Good Morning Britain - Melanoma Skin Cancer
Loti Jackson shares her story
This morning our very own Loti Jackson appeared on Good Morning Britain alongside Dr Hilary Jones. Loti is a proud cancer survivor and today she was sharing her story while helping to raise awareness, which she continues to do as and when she can.
In 2012, our very own Loti Jackson, became aware of the dangers of tanning when she was working in public relations on a campaign about keeping safe in the sun.
Loti had a couple of moles she was concerned about and decided to have them checked. One mole, on the side of her face, turned out to be cancerous and was removed, but Loti needed a second, more invasive operation to ensure cancerous cells were not left behind.
“It was horrible being told I had cancer,” said Loti. “My parents took it particularly hard. I had never had an operation, I had never had stitches. But I needed both on my face and I knew I would be left with a scar. The surgeon was brutally honest and it was hard to hear.”
The second operation left Loti with a three-inch scar from her eye to her jaw line but saved her life.
Loti said: “I had used sunbeds a couple of times in the past but it was a very long time ago, before I knew how dangerous they are. I also knew moles could change into skin cancer but I wasn’t aware of the severity of the situation until I worked on that sun awareness campaign.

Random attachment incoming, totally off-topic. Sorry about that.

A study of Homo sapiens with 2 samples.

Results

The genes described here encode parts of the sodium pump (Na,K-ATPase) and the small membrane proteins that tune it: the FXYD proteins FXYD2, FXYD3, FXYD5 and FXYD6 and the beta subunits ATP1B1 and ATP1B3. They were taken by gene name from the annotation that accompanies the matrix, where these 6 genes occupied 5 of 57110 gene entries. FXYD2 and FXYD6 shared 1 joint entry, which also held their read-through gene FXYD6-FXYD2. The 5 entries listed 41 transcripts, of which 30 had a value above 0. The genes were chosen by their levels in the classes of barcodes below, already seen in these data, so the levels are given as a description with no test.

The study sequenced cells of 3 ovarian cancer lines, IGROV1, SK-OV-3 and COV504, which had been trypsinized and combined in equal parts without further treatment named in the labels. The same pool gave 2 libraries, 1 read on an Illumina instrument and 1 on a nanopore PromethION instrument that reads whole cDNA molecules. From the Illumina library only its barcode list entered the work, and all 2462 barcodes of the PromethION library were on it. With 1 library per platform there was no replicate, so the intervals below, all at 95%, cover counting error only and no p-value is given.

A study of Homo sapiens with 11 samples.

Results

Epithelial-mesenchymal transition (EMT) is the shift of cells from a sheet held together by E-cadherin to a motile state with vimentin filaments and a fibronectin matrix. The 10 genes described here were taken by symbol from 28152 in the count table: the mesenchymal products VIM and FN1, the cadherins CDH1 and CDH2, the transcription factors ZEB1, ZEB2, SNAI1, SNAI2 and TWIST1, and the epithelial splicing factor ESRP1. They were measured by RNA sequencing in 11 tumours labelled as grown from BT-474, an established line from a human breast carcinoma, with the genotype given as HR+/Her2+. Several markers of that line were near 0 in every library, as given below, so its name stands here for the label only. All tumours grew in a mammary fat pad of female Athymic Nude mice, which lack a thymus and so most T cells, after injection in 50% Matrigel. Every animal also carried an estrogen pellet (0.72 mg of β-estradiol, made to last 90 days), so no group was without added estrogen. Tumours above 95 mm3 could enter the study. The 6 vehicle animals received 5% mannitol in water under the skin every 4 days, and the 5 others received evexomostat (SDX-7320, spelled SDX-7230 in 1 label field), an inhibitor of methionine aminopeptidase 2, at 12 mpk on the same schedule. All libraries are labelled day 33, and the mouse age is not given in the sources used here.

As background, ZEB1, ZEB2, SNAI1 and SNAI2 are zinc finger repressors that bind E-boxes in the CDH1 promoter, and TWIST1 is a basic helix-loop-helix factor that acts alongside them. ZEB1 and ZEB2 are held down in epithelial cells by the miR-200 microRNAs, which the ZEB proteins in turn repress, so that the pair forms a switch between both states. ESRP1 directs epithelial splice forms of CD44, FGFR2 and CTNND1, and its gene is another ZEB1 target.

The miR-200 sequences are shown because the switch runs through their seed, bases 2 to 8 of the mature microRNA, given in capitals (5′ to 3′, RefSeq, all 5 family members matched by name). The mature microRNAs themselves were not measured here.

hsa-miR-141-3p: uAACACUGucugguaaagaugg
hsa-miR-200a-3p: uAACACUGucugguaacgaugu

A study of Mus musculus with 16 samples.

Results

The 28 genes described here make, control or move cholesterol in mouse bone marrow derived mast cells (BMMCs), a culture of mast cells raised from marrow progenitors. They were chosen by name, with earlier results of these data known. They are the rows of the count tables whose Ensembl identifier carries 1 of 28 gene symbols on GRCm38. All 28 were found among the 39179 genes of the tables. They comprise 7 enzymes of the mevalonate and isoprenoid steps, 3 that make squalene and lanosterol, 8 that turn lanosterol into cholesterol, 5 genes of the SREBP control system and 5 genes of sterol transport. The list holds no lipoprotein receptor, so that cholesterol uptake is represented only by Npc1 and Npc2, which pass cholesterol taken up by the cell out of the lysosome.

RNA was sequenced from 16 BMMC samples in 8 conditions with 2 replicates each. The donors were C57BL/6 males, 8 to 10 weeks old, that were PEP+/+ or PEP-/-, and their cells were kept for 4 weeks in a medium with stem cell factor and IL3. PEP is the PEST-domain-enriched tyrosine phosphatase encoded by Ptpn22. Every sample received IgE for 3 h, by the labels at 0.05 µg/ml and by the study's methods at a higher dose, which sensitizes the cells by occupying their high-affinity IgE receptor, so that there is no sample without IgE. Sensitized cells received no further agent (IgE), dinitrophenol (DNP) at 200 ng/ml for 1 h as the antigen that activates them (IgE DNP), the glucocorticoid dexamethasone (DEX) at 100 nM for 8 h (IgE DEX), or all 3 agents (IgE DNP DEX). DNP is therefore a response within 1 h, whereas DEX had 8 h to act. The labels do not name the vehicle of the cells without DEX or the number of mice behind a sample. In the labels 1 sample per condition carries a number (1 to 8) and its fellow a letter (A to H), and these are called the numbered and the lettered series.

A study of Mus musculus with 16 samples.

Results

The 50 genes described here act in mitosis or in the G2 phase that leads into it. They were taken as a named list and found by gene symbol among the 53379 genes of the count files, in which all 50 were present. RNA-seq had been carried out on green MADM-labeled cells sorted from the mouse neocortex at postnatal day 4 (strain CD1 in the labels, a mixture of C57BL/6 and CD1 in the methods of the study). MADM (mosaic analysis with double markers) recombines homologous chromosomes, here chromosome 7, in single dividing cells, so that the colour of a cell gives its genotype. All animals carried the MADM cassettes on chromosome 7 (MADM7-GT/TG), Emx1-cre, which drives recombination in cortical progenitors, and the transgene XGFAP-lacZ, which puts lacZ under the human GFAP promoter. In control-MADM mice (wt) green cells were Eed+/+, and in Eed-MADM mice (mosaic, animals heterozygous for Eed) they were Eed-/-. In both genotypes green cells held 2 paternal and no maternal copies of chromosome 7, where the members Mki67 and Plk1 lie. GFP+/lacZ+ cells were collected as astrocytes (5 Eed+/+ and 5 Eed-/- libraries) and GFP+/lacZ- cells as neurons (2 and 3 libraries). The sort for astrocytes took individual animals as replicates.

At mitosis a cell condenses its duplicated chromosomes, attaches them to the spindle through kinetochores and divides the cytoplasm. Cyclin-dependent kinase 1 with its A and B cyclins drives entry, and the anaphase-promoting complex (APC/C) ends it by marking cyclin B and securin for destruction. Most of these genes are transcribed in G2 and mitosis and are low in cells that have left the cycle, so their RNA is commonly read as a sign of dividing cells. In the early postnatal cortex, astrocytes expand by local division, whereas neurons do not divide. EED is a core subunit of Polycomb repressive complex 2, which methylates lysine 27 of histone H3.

Loti appeared on Good Morning Britain to discuss her thoughts around the new guidelines for diagnosing and treating melanoma skin cancer which have just been issued to the NHS in England.
The National Institute for Health and Care Excellence (NICE) hopes they will end a wide variation in the diagnosis and treatment of the disease.
They include advice on diagnosing how far the cancer has progressed, identifying the best treatment, and improvements to follow-up care.
Melanoma is a form of skin cancer that claims more lives than any other.
In 2012, the UK saw more than 2,000 deaths from melanoma and the number of melanoma cases is growing faster than any of the 10 most common cancers.
The NHS have an easy to use 'mole self-assessment tool' which you can use here.
Remember, if in doubt always consult your GP or health professional and have your moles checked over as soon as you can. A simple check up can save your life.